Orders of the Day — Labour Party (Election Pledges)

Part of the debate – in the House of Commons at 12:00 am on 29th July 1965.


The hon. Gentleman is one of the very few who supports the right hon. Gentleman the Member for Wolverhampton, South-West (Mr. Powell). One of the revelations of the recent exercise in which they have been involved has been that the other party is making progress as far as that attitude is concerned.

We must look at what action has been taken by the Government to influence international events. First, we had the establishment of a Minister responsible for disarmament. [Interruption.] The hon. Gentleman fails to understand that on this major issue concerning all of humanity this Government is taking a lead. While all Governments throughout the world have Ministers of Defence the Labour Government have set a new example by giving someone the task of looking at the problems involved in disarmament, and seeking ways and means to remove the threat of nuclear annihilation. A lead has been given to freeing the world from the heavy burden of armaments. Something like £50,000 million is being spent by the leading industrial nations of the world on military expenditure. We are putting our £2,000 million-odd into that and we must therefore make sure that we use the raw materials of this world, and the brains and capacity of our people to divert this expenditure to real world problems. We are playing an important part as a Government in the disarmament discussions which are taking place at present.

The appointment of a Minister to the United Nations was of special importance. It established that this Government was four-square behind the belief that the United Nations is a keystone to this country's foreign policy. The principles of the United Nations must prevail if peace is to be preserved. There is no shadow of doubt that the United Nations Organisation has had far more support from this Government than from the previous Tory Government. Not only have we played a part in the United Nations world peacekeeping operations, but in the present financial crisis which faced the United Nations it was Great Britain which made the proposal for an additional contribution to the U.N.O. to meet the financial problems. It was Great Britain which made the initial contribution.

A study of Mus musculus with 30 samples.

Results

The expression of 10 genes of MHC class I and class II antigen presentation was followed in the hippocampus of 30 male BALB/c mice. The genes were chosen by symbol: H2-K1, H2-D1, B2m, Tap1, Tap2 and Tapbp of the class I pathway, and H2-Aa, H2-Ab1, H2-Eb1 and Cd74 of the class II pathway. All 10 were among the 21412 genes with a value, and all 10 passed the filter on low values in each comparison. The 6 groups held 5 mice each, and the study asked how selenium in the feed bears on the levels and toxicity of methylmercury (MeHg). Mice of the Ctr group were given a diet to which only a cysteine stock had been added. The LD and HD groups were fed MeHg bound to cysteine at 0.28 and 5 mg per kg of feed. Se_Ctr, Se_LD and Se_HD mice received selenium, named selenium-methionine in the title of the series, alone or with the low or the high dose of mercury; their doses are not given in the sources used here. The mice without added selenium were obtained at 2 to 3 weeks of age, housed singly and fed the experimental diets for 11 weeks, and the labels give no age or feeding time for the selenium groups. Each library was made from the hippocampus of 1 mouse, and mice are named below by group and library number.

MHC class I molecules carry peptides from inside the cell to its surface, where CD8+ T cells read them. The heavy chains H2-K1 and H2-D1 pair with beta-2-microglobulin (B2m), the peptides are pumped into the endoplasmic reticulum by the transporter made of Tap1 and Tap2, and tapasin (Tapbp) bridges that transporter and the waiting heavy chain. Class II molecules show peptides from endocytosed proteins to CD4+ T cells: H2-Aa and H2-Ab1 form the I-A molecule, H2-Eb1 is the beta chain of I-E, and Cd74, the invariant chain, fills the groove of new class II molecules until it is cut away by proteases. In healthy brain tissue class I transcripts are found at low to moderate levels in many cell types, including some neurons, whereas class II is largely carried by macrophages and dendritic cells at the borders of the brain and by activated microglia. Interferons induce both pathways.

The third contribution we have made is that of a Ministry of Overseas Development with a Minister in the Cabinet. Once we have resolved the problem of disarmament the one serious problem remaining, and it is going to be a great heartache and headache for mankind in the future, will be the problem of world poverty. This Government have created a Ministry to deal with this problem. We should consider what this Government have done in the last nine months. We have certainly made great progress in making a contribution to greater national understanding.

The Colonial Office and the Commonwealth Relations Office have a vitally important part to play in the transition and development of mankind, one wiping out the old Empire and the other creating new and stronger bonds between developing Commonwealth countries. The Commonwealth has a new sense of purpose with the initiatives taken by the Prime Minister at the Commonwealth Prime Minister's Conference. The Commonwealth Prime Ministers took an initiative in the war in Vietnam. They want the Commonwealth to play a greater part, as it should since it represents a quarter of the world's population, in solving the world's problems.

Our greatness will not be measured by military might or by possession of the so-called independent nuclear deterrent on which the Conservative Party spent so much time in its last years of office in trying to convince the people. [An hon. Member: "And our money".] Yes, and our money. It spent so much of our resources and so much of its time in putting forward this fallacious argument.